Football is no stranger to military analogies – box to box midfielders have become known as ‘midfield generals’, full-backs ‘bomb forward’, the pitch is described as a ‘battlefield’, the Germany national team is much-revered for its ‘military-like efficiency’ and one of their greatest players – Gerd Muller – was nicknamed ‘Der Bomber’. Yet very few players actually possess this romanticised military background.
Katongo is one of the few who does, being a soldier since 2001 when he joined Zambia army club Green Buffaloes. Naturally, Katongo is a one-man army, the mere appearance of him relentless and overwhelming, a 29-year-old, constantly simmering pan of boiling blood as he surges through attacking areas with the vigour of capitalist society commuter who is late to work. It was no surprise, then, that he was promoted to Warrant Officer Class One in the Zambia army by Zambia’s President during the tournament for his skill and exceptional leadership skills. Katongo is the type of player who could play for any team in the world and not look out of place. Even Barcelona. After all, Ludovic Giuly didn’t look out of place in a Barca team including Messi, Ronaldinho and Samuel Eto’o and I like to think of Katongo as Zambia’s answer to Ludovic Giuly. But better.
He has that look
It’s that look. The best athletes – the Roger Federers, Michael Jordans, Usain Bolts of this world – have that look, the look of tunnelled focus in pursuit of victory. Katongo has that look, Messi doesn’t have that look. You know that look that I’m talking about. Katongo had a fiery, clenched face and an intense, strong-willed stare whenever we saw him pull on the Chipolopolo jersey at the Cup of Nations. It’s only now that I realise what the look was about – he was visualising the moment he’d lift the Cup of Nations, a vacant, focused stare into the swagger of victory.
If that isn’t enough, a bright white armband tightens around his left arm which complements his bright white boots – which you can’t miss as they dot around the field. Katongo simply stands out from the crowd, even if you don’t want to know him, you will. Messi, meanwhile, has standard South-American hair which, whilst being perfectly lovely, just about every South American playmaker or attacking player has had over the history of football. I could try and look like Katongo and copy his style and swagger but I can’t. You either have that look or you don’t.
That look I speak of adds to the Katongo Petty-Thief Theory. There are some footballers who shouldn’t be playing at the highest level at all – they are thieves, they’re not earning a living, they’re stealing a living instead. Katongo has something resembling a petty thief you’ll find in a Lagos slum – this raw, swirling streetwise appeal apparent in his razor-sharp shape up, an appeal that his football career, which has taken him to foreign lands, has been unable to refine. Cruelly, for example, it was actually the dazzling left-winger Rainford Kalaba who deserved to win the 2012 Cup of Nations player of the tournament – many who watched the Cup of Nations would agree with that statement – yet you couldn’t ignore Katongo, despite the way he faded in the knockout stages you knew that without his leadership Zambia wouldn’t have won the Cup of Nations.
The moment when you score a goal is the opportunity to release all your frustration or taunt the opposition. For some players, there a few things better than scoring away from home and knowing that they are responsible for the silence that dominates the stadium. Against co-hosts Equatorial Guinea Katongo scored the winner and then choreographed a celebration which told the crowd to hush (but in a polite manner, with a sumptuous dance to go with it) – a celebration that reduced the atmosphere in the Estadio de Bata stadium more joyless than that of a coffin. It was a celebration Katongo choreographed throughout the tournament and my personal favourite. Messi doesn’t celebrate like that, even when he scores a late winner against Real Madrid.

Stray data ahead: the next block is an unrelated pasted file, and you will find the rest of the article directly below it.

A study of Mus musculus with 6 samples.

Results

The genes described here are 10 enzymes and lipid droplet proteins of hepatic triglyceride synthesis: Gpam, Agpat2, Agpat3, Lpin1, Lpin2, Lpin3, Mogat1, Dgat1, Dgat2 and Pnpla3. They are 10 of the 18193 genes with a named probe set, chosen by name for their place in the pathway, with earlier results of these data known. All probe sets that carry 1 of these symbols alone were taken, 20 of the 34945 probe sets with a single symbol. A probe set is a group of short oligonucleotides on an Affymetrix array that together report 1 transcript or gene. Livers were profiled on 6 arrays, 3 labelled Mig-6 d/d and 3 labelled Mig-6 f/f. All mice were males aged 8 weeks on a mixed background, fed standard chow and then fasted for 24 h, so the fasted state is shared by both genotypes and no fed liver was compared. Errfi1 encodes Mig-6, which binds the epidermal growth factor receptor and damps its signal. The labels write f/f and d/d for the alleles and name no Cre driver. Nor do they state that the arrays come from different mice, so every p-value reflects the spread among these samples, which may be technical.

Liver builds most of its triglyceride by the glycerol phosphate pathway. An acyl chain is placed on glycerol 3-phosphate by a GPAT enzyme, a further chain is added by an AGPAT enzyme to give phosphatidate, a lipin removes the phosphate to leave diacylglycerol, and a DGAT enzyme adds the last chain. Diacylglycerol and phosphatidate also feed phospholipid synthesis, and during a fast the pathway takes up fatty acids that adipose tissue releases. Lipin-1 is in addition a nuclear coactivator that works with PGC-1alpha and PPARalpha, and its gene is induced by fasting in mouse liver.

He is a footballer’s footballer
“What is a ‘footballer’s footballer’?” You ask. Eamon Dunphy coined the term in his thought-provoking account of his troubled season at Millwall in the 1970s in his book Only a Game?:
“I believe the good pro was the true hero of professional sport…The good pro is a trier…The good pro accepts responsibility – both his and when the going gets tough, yours…He is woven into the fabric of every good side and every great side too…In attack or defence, at home or away, in January mud, April wind or August sunshine, every game is a test and there are so many ways to cheat, to walk away from your responsibility to the team. The good pro never does. He is sometimes knackered, often in despair but never out of the ball game, never on the missing list…He is the footballer’s footballer.”
Near the end of last season, Messi was left on the bench for a La Liga fixture because Pep Guardiola wanted to rest him for a midweek Champions League clash. The Argentine refused to train the next day, absent from training, angry that it meant he wouldn’t be able to eclipse Cristiano Ronaldo in the goalscoring stakes. Christopher Katongo is the footballer’s footballer; he doesn’t do strops and he always arrives early for training. When things weren’t going well at the Cup of Nations, like in the soggy, splashing conditions against Libya when Zambia went twice behind or the relentless pressure they had to endure from Ghana in the first half of the semi-final, young Nathan Sinkala or any other team-mate of Katongo’s only needed to have a look at Katongo’s feral intensity to know that they would get through this and everything was going to be alright.